LONDON, Dec. 4 (Xinhua) -- Alcohol-specific deaths in Britain have returned to the level of 10 years ago when it was the highest ever recorded, the Office for National Statistics (ONS) said Tuesday.
Scotland, famed as the home of Scotch whisky, remains as the part of Britain with the highest rate of alcohol specific deaths, the report revealed.
Across Britain in 2017 there were 7,697 alcohol-specific deaths, equating to a rate of 12.2 deaths per 100,000 population.
Since 2001 when the current system of records started rates of alcohol-specific deaths among males have been more than double those observed among females, 16.8 and 8.0 deaths per 100,000 in 2017 respectively).
The figures are based on people who died as a direct result of alcohol misuse, such as alcoholic liver disease.
Last year alcohol-specific death rates were highest among 55 to 59-year old females and 60 to 64-year-old males.
Although Scotland had the highest rate of alcohol-specific deaths in 2017 it was the only part of Britain to experience a statistically significant 21 percent decrease in rates from 2001.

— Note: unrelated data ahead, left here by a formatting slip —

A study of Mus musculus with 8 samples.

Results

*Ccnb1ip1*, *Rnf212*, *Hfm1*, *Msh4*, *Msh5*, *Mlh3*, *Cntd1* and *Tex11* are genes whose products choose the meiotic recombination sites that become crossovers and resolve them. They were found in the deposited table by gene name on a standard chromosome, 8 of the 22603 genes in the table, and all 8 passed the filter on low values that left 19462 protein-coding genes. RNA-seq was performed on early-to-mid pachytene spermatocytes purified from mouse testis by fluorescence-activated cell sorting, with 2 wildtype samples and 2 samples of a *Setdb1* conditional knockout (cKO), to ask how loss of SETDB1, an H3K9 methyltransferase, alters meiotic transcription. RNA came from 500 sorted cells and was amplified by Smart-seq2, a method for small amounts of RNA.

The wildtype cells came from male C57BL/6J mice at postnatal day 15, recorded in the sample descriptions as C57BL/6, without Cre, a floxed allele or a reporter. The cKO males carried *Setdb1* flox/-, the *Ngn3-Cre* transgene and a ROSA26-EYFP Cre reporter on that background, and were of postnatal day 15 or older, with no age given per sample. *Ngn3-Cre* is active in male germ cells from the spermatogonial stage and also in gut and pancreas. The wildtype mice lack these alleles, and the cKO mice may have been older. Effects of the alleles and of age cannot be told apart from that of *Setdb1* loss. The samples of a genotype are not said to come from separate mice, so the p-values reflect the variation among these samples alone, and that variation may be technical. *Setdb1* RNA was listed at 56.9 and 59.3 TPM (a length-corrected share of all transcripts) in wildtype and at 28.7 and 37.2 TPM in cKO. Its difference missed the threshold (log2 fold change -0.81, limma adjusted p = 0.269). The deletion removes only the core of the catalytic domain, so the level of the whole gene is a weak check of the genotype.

The report shows that Scotland has had the highest alcohol-specific death rate in Britain since the time series began in 2001, while England has had the lowest. The rate in Scotland in 2017 was 20.5 deaths per 100,000 people, while in England it was 11.1 deaths per 100,000 people. The alcohol-specific death rates in Wales and Northern Ireland in 2017 were 13.5 and 17.4 deaths per 100,000 people respectively.
Across England the rate of alcohol-specific deaths was highest in the North East region while London had the lowest rate (7.8 deaths per 100,000 people) of any region for the first time since 2011. With the exception of London, all regions have significantly higher alcohol-specific rates in 2017 than in 2001 in both men and women.
Although the alcohol-specific death rate in England remained the lowest in Britain at 7.4 deaths per 100,000 females, England was the only part of Britain to have a significant increase in the female rate since 2001.
It has seen an increase of 32 percent from 5.6 deaths per 100,000. In contrast, the female alcohol-specific death rate in 2017 for Scotland, at 11.6 deaths per 100,000, was the lowest since 2013, and a statistically significant decrease of 20 percent since 2001.